Projecting revenue contribution is a hot topic amongst the CMOs, especially with martech and other tools constantly being introduced into the market. The key to success for appropriate contribution forecasting consists of understanding the variables that go into setting a goal for contribution. This will help to build a strong sales and marketing strategy and alignment.
You can download a lead generation calculator here to help you work backward to help you set an appropriate goal.
How Are You Benchmarked Against Your Industry?
The diagram below shows how your company may compare to others. The revenue lifecycle of three different companies is shown to provide insight into the variability involved. Where do you sit? Do you think you are more like Company A, B, or C? SBI also created a Revenue Growth Diagnostic for companies to take to benchmark themselves against competitors.
All three companies have radically different results from building the same capability. Company A is an industrial manufacturer of capital equipment. The marketing investment was steady to grow the revenue contribution capability from scratch. They took a cautious path to validate results before expanding. Company B is a $500M business services company which transitioned to lead generation in 2010. Today 42% of their revenue originates as a lead from marketing. Company C is a rocketing SaaS company in the early years of growth. It’s not as simple as the industry. Let’s dig a little deeper.
The Million-Dollar Question Amongst You, Your Peers, and Other CMO’s
What should my goal be for the percentage of revenue contribution?
The answer for most companies is 25-30%. A quarter of total company revenue should be contributed by marketing. This is a reliable benchmark for established companies operating with best practice Lead Generation capabilities. SBI’s benchmark data shows 25-30% across industries with the exception of high growth technology companies. Other limitations include companies with a dominant product or market advantages. Oracle is famously known for having a marketing contribution north of 60%.
For some CMOs, the number isn’t tracked today, and the capability must be built. Striving toward 25% contribution is a solid goal for CMO’s who need to develop the capability.
Which Leads Count and Which Don’t?
Marketing’s contribution to revenue is defined as the percentage of revenue from marketing. Only revenue that originates as a lead in the funnel should be counted. The lead must come from marketing and transition through the CRM to sales. This same exact lead record must be converted to an opportunity and then a win to count. The practice of matching up sales wins with campaign responses do not count.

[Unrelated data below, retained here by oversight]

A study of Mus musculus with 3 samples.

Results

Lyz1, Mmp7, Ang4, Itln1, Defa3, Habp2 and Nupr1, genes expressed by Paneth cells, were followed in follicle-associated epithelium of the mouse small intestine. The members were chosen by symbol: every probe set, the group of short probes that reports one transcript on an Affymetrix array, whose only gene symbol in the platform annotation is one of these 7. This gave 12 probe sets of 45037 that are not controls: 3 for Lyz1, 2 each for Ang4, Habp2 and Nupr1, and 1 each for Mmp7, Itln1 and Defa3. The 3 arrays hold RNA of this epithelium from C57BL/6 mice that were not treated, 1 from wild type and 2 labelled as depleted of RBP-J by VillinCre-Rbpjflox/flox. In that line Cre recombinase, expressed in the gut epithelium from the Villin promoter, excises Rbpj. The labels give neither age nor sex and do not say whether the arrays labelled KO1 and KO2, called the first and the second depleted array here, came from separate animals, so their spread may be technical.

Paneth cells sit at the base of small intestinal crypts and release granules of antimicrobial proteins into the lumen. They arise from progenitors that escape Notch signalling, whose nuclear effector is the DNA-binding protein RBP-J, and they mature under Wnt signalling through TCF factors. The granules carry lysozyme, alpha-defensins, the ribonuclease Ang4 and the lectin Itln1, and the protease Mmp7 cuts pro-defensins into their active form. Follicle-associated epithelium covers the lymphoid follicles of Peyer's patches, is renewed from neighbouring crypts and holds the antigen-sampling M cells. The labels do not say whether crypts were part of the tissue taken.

Identifying the ideal number for your company requires an analysis of several factors. Ideally, this is done in the process of developing a Marketing Strategy.
Variables to Consider When Forecasting Numbers
There are many variables involved in identifying the right amount of revenue contribution. After all, the marketing amount is in context with the sales number. You can experience a ‘False Positive’ impact if the sales team crushes their number with a stellar year. Marketing’s contribution as a percentage goes down as a result. Without context, it would appear Marketing’s performance was lower than reality. Likewise, if the sales team misses the number significantly, then the reverse is true. Marketing’s performance seems better than reality. It’s all in context.
The exact marketing contribution to revenue number involves analysis of these variables:
- Level of marketing budget to execute (is it too low, or do you have investment funds?)
- What leads is your sales team going to produce on their own?
- Will your sales team increase their team capacity with more reps?
- What is the net new revenue number for new clients and cross-sell or up-sell?
- What is the natural growth rate of the market?
- Does sales have the capacity of selling time to handle more leads?
- Does your sales team rate marketing leads as high quality?
- What is the growth rate of your competitors?
- Does your product or service have real points of differentiation to capture share?
- Does your sales team have an excellent close rate? (win 25%+ of opportunities)
- Do you have lead development reps to nurture leads early in the buying process?
A strong Marketing and Sales strategy provides answers to all these questions. Take all the factors above and use that as a rationale to come up with your goal. Assuming there is a competitive product, the percentage of growth should be higher than market growth. Lastly, ensure to tie aggressive growth projections to the corresponding marketing budget for realistic and attainable forecasting. Click here to download the lead generation calculator to help get you started.
As companies start their annual planning this fall, SBI hosts studio sessions with sales and marketing leaders to help correctly set goals and map out how to achieve them. You and your team can schedule a visit here.